March 22, 2023

Diversity is widely accepted in Ukraine – Afro-Ukrainian activist, Alisa Zhuravel

Diversity is widely accepted in Ukraine – Afro-Ukrainian activist, Alisa Zhuravel

By Miftaudeen Raji

Afro-Ukrainian human rights activist, Alisa Zhuravel has affirmed that diversity is widely accepted in Ukraine. 

The activist made this assertion in an exclusive interview with Vanguard.

At the age of 20, Alisa, an Ukrainian with Nigerian roots, learned that identity is about self-understanding, self-acceptance, and self-love. That’s when she started to appreciate her Nigerian roots and respect her Ukrainian-ness. Her interest in the sense of identity and belonging would later turn into a project of national importance.

Alisa was born in Kharkiv, the second-largest city located in northeast Ukraine. Her mother is Ukrainian, and her father is from Nigeria. After graduating with a history degree, Alisa started working in the creative industry, trying out design and digital marketing. Since Russia’s full-scale invasion of Ukraine, Alisa’s life has taken a different turn. 

After the war struck Ukraine, she moved to Lviv, in the western part of the country, and started to work with Impact Initiatives. This international humanitarian organization supports projects and policies that positively impact individuals and communities. Alisa is helping with the project that focuses on the experiences of Ukrainian citizens and residents forced to flee the country since the beginning of Russia’s full-scale war. 

For months, Alisa heard one of the critical narratives of Russian propaganda – lies about discrimination and lack of diversity in Ukraine. Outraged by fake news and the absurdity of such claims, Alisa decided to take matters into her own hands. 

Driven to tell stories of people representing Ukraine’s diversity, Alisa launched a social project called Tozhsamist in the late summer of 2022. Derived from a Ukrainian word for sameness and likeness, Tozhsamist shares the life experiences of Ukrainians with diverse backgrounds. It sparks conversation about people’s identities and their sense of belonging in Ukraine, and discusses their personal struggles along the journey.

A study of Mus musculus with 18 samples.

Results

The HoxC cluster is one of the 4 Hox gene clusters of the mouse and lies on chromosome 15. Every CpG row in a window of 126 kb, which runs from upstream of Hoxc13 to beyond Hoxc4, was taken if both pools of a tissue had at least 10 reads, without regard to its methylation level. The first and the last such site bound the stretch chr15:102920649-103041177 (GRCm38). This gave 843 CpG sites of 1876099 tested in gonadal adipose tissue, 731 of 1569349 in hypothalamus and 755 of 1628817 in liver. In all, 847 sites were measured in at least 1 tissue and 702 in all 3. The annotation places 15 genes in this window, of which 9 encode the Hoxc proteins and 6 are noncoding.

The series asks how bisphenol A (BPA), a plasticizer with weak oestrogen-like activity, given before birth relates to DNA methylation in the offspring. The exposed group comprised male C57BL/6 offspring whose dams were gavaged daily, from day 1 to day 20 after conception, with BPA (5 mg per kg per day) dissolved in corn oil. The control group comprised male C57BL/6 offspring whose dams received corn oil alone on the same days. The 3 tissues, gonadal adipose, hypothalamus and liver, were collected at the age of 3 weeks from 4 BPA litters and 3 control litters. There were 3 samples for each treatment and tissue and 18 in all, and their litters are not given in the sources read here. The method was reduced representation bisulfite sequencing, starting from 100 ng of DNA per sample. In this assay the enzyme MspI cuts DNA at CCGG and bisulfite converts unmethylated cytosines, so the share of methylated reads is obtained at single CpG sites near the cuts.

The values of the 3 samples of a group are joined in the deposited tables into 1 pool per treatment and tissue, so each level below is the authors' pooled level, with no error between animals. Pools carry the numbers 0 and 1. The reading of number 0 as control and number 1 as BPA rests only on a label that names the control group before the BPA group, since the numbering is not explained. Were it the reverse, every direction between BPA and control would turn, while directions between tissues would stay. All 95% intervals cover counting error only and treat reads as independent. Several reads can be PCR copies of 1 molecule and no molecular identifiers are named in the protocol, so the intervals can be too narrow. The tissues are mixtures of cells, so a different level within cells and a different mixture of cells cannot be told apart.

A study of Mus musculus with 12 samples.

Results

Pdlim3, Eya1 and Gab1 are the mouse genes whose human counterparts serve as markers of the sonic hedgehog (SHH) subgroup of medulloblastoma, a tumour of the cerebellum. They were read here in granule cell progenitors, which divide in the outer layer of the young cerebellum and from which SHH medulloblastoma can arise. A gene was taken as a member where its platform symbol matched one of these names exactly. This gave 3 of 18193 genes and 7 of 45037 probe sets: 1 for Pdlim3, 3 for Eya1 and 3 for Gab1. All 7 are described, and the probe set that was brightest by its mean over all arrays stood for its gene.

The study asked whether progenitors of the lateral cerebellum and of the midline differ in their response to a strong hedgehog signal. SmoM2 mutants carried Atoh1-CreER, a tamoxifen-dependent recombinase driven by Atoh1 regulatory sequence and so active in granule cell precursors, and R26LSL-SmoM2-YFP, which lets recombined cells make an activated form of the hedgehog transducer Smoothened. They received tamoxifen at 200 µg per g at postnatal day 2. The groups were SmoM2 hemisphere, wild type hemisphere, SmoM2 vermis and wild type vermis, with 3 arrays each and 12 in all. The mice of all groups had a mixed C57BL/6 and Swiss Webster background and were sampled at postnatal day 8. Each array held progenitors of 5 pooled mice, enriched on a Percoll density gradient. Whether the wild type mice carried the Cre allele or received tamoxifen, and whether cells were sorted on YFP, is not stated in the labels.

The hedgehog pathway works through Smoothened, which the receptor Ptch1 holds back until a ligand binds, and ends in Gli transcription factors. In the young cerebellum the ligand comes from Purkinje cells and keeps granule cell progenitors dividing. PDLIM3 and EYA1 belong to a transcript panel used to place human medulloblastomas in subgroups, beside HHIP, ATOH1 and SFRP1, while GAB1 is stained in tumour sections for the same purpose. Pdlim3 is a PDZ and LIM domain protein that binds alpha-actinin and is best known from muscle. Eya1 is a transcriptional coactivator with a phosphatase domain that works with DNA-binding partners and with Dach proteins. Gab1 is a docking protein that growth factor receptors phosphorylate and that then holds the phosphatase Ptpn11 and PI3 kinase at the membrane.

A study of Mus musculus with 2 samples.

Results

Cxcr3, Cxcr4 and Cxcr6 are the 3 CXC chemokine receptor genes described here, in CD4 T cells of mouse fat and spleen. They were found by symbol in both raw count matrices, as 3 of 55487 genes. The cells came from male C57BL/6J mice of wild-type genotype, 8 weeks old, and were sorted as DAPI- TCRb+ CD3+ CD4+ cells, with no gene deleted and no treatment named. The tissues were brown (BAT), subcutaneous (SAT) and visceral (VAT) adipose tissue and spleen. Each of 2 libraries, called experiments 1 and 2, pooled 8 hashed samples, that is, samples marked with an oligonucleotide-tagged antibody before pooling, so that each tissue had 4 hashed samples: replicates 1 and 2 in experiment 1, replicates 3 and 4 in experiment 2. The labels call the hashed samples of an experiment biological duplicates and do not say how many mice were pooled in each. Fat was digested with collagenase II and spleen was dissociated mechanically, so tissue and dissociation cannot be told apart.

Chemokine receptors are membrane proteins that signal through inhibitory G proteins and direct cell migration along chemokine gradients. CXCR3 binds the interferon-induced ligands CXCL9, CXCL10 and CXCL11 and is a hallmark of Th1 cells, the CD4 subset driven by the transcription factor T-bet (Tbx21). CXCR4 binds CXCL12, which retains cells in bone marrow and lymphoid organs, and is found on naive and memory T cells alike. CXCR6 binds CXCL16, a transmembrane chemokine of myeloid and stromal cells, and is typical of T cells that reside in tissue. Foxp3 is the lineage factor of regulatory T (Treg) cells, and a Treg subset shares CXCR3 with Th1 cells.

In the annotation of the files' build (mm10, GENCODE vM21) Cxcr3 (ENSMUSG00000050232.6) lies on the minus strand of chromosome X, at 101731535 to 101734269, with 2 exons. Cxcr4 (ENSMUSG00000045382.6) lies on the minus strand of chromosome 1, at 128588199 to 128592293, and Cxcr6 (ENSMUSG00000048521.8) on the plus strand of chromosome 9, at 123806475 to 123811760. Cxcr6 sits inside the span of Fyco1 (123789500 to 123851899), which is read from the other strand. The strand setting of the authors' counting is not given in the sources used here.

“The Tozhsamist project could contribute to debunking a false image of Ukraine that the Russian propaganda has created.. It shows that diversity is not a problem in Ukraine; instead, it’s widely accepted. It is the reality we live in, and it is the truth,” Alisa explained. 

Alisa has already interviewed some people, including Jennifer and Tolu, born to Nigerian parents and living in Kharkiv, and Alan, who has Kazakh roots and lived in Kyiv. Interviews with the Fo Sho band members of three Ethiopian-Ukrainian sisters are coming up. 

All of these people come from different backgrounds; some may identify as Ukrainians, and others may focus on their ancestral roots. 

But all of them have one thing in common – Ukraine is their home, and they cannot imagine otherwise. 


What has been your experience, being a Ukrainian with Nigerian roots and living in Ukraine?

I always say that I’m a Ukrainian with Nigerian roots. These countries, their cultures, and their values have helped me become who I am today. It’s because I accepted my Nigerian roots, I was able to feel like a proud Ukrainian. I feel like a strong, whole person. I’ve lived in Ukraine all my life, and I’ve never had issues with finding a job; I’ve never experienced systematic racism myself. Instead, embracing my identity empowered me, and I started a journey towards reaching my goals.

Why was it important to launch the Tozhsamist project amid Russia’s invasion? 

For many people, Tozhsamist has become a way of rediscovering Ukraine. The Kremlin has been creating a chain of false news about Ukraine and how it treats people from different races, nations, or religions. Meanwhile, Tozhsamist makes it clear that Ukraine is a racially and ethnically diverse country. Through telling stories of different people, the project sparks discussions about the issue, inside and outside Ukraine. And those conversations could help to integrate the idea into our system of values. Once it’s integrated, it becomes a norm, widely known, and accepted. That’s what we are trying to do – to let the world know about Ukraine’s diversity and help them accept it. With that Tozhsamist project contributes to developing a positive culture and building a foundation for a better future.

How do you see the future for Tozhsamist?

Tozhsamist has just started its journey, and there is much more to do. I want to tell stories of more people with diverse backgrounds, help them come together as a community, and then share their experiences with the world for positive change. Tozhsamist’s platform is open to anyone who wants to talk about their roots and experiences. I’d also love to help people from Africa who want to study in Ukraine. In this case, Tozhsamist could become a social project, offering information and legal aid and assisting young people in starting their careers. I think strengthening educational ties is crucial for Ukraine and Africa. It could promote cultural understanding and mutual respect, share knowledge and experience and lead to greater cooperation and collaboration between Ukraine and African nations.